Die So Fluid

Shard had the task of kicking off proceedings and after a shaky start they just kept getting better. They settled into an androgynous and invasive performance with so much suggestive posturing, I didn’t really know where to look.

With a sound that has elements of The Clash and The Cure, as well as a fair bit of rock and roll at it’s roots, the image is a combination of sexually ambiguous Glam, such as Marc Bolan, and all out Molkoesque cross-dressing.

Stand out tracks surprisingly included ‘Terminal Case’, which worked well live after failing to impress me on the record. They could have been even better if they had started the show with the same confidence and energy that they finished with.

Electro-Goth duo, Trauma Pet, were up second with their vocal, bass, backing track combination. It was the backing track that needed some work; it was a think and lacked the atmospheric flood of bands such as Lunascape.

Elie’s vocal was good and would be even better with some emotional force where the lyrics suggest it. She also shouldn’t be afraid to pick up the guitar more often, as her ambient and haunting guitar line supplied their best track. The last time I saw Trauma Pet I was unimpressed. I can now see the potential of this band and can’t wait to see how they develop their sound.

Plastic Toys launched into their set with a slick professionalism that complemented the American rock style. Hard hitting bass tones and punchy pop hooks all contributed towards an alternative sound on the more accessible end of the range. If you can imagine Rachel Stamp playing Marilyn Manson’s Mechanical Animals with Billy Corgan on vocals, you won’t be far off their sound.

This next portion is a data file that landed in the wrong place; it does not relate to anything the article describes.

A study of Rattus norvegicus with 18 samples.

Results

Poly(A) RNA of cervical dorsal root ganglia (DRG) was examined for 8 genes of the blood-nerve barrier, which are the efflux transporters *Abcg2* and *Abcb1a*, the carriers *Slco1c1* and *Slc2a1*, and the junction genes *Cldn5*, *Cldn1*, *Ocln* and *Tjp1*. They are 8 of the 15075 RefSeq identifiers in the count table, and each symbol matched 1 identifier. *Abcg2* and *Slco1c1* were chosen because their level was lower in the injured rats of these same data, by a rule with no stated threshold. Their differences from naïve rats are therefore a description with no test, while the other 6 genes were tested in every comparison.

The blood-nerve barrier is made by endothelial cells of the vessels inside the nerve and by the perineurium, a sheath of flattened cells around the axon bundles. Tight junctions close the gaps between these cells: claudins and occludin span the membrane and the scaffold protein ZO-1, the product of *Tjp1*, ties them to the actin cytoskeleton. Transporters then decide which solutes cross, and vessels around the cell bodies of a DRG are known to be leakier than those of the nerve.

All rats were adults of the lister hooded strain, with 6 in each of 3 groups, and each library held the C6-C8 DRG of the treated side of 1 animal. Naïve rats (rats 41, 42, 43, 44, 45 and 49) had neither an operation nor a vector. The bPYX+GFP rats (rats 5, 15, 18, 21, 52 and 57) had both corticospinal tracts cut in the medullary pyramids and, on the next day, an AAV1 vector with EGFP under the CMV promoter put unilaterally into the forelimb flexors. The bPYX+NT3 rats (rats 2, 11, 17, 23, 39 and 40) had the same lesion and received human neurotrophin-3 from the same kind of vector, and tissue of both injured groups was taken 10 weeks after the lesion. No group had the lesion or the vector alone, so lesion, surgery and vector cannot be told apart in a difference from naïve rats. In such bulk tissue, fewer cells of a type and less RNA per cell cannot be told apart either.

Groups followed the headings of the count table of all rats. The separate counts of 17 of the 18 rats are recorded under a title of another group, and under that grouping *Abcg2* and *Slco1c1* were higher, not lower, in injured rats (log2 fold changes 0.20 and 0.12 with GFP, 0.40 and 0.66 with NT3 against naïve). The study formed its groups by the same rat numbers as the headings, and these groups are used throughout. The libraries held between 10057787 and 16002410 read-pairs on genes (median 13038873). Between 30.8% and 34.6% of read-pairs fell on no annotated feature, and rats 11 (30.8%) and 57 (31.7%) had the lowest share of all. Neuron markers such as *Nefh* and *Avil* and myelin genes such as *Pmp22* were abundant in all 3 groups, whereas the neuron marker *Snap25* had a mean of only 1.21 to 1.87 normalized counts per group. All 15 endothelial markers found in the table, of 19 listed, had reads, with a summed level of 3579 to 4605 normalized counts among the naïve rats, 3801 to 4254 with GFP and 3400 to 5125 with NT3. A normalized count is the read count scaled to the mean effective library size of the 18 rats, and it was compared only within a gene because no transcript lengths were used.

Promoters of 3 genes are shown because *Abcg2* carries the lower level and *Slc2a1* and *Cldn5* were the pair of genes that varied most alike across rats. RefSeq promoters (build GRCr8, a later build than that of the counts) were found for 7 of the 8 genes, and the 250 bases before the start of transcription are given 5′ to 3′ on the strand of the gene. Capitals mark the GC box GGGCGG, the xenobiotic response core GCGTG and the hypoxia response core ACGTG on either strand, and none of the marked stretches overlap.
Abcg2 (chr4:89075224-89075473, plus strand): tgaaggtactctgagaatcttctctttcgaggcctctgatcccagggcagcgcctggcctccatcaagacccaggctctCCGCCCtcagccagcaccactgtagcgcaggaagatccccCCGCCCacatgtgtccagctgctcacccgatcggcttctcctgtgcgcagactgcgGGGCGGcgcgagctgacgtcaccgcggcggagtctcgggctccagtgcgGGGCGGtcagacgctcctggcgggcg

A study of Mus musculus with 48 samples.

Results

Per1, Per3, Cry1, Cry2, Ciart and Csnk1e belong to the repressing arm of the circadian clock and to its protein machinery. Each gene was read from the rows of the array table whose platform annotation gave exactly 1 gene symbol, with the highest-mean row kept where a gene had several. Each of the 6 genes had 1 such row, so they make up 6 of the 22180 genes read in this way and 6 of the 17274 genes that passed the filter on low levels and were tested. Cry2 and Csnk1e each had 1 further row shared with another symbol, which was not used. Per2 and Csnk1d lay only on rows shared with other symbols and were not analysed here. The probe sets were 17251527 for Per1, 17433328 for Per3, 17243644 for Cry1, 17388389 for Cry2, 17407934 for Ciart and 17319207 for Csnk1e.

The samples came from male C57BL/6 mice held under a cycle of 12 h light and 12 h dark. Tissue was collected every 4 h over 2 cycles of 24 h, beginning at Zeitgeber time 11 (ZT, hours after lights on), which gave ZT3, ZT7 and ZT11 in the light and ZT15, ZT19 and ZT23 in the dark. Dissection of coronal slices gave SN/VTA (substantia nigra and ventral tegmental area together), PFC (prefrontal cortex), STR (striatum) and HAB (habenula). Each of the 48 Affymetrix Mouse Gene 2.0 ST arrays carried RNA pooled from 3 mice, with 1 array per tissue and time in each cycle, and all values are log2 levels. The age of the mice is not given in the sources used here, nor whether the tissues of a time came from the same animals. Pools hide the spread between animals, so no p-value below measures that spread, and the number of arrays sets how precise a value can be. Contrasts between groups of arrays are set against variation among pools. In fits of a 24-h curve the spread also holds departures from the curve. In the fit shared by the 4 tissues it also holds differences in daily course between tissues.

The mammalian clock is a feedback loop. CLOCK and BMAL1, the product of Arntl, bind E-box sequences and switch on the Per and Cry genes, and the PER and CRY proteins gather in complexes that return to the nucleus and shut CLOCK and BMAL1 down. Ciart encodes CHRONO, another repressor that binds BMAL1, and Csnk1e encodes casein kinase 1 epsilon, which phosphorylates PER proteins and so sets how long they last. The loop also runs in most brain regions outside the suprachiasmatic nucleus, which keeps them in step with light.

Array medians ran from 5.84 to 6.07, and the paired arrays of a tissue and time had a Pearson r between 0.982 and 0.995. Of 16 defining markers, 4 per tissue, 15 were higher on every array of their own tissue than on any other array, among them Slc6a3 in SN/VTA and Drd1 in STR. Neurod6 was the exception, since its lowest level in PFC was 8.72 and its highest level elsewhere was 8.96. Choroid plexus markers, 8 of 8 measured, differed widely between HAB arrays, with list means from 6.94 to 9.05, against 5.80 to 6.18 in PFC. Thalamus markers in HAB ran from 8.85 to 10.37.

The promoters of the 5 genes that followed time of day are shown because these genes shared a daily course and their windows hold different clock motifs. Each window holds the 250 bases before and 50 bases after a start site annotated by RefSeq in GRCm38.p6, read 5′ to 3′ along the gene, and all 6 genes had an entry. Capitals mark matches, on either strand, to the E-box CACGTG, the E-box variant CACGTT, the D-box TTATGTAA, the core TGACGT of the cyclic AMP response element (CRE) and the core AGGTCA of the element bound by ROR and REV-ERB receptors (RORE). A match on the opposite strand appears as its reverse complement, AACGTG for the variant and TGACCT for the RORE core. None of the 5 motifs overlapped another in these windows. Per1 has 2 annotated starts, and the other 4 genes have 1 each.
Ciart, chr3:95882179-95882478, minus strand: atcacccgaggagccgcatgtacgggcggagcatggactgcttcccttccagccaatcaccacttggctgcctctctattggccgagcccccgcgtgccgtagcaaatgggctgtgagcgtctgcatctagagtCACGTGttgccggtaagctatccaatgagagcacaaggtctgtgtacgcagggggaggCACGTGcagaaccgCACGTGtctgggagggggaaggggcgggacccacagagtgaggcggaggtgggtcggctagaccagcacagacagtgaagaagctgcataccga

Whether the songs translate from live performance to record will be interesting to see, as the instant appeal of the tracks live could well mean a fairly predictable throw-away album, which will probably require some kind of parental guidance sticker, judging by the level of pointless swearing in the lyrics. Plastic Toys are a tight live band with appealing music and lots of energy. See them live before you buy their record.

With album ‘Spawn of Dysfunction’ due for release on 9th August 2004, Die So Fluid played a set full of tracks from the forthcoming release.

The songs switch from rock to punk to metal and there were no two songs in the set with exactly the same feel. Recognisable songs included not only the three singles and recent pre-album teaser ‘Bitterness by Discipline’, but also songs that, having heard them at previous shows, had remained firmly attached to the ‘memorable song cortex’ of the brain.

The anticipation has now reached overload. We can’t wait for the album any longer. Luckily, a promotional copy has arrived, so we can tell you all about it soon. DSF are an unbelievably brilliant live band.

Fenton
Steve Fenton was Editor in Chief for The Mag and also wrote for DV8 Magazine and Spill Magazine. He was often found in venues across the country alongside ace-photographer, Mark Holloway. Steve studied Psychology at OSC, and Anarchy in the UK: A History of Punk from 1976-1978 at the University of Reading.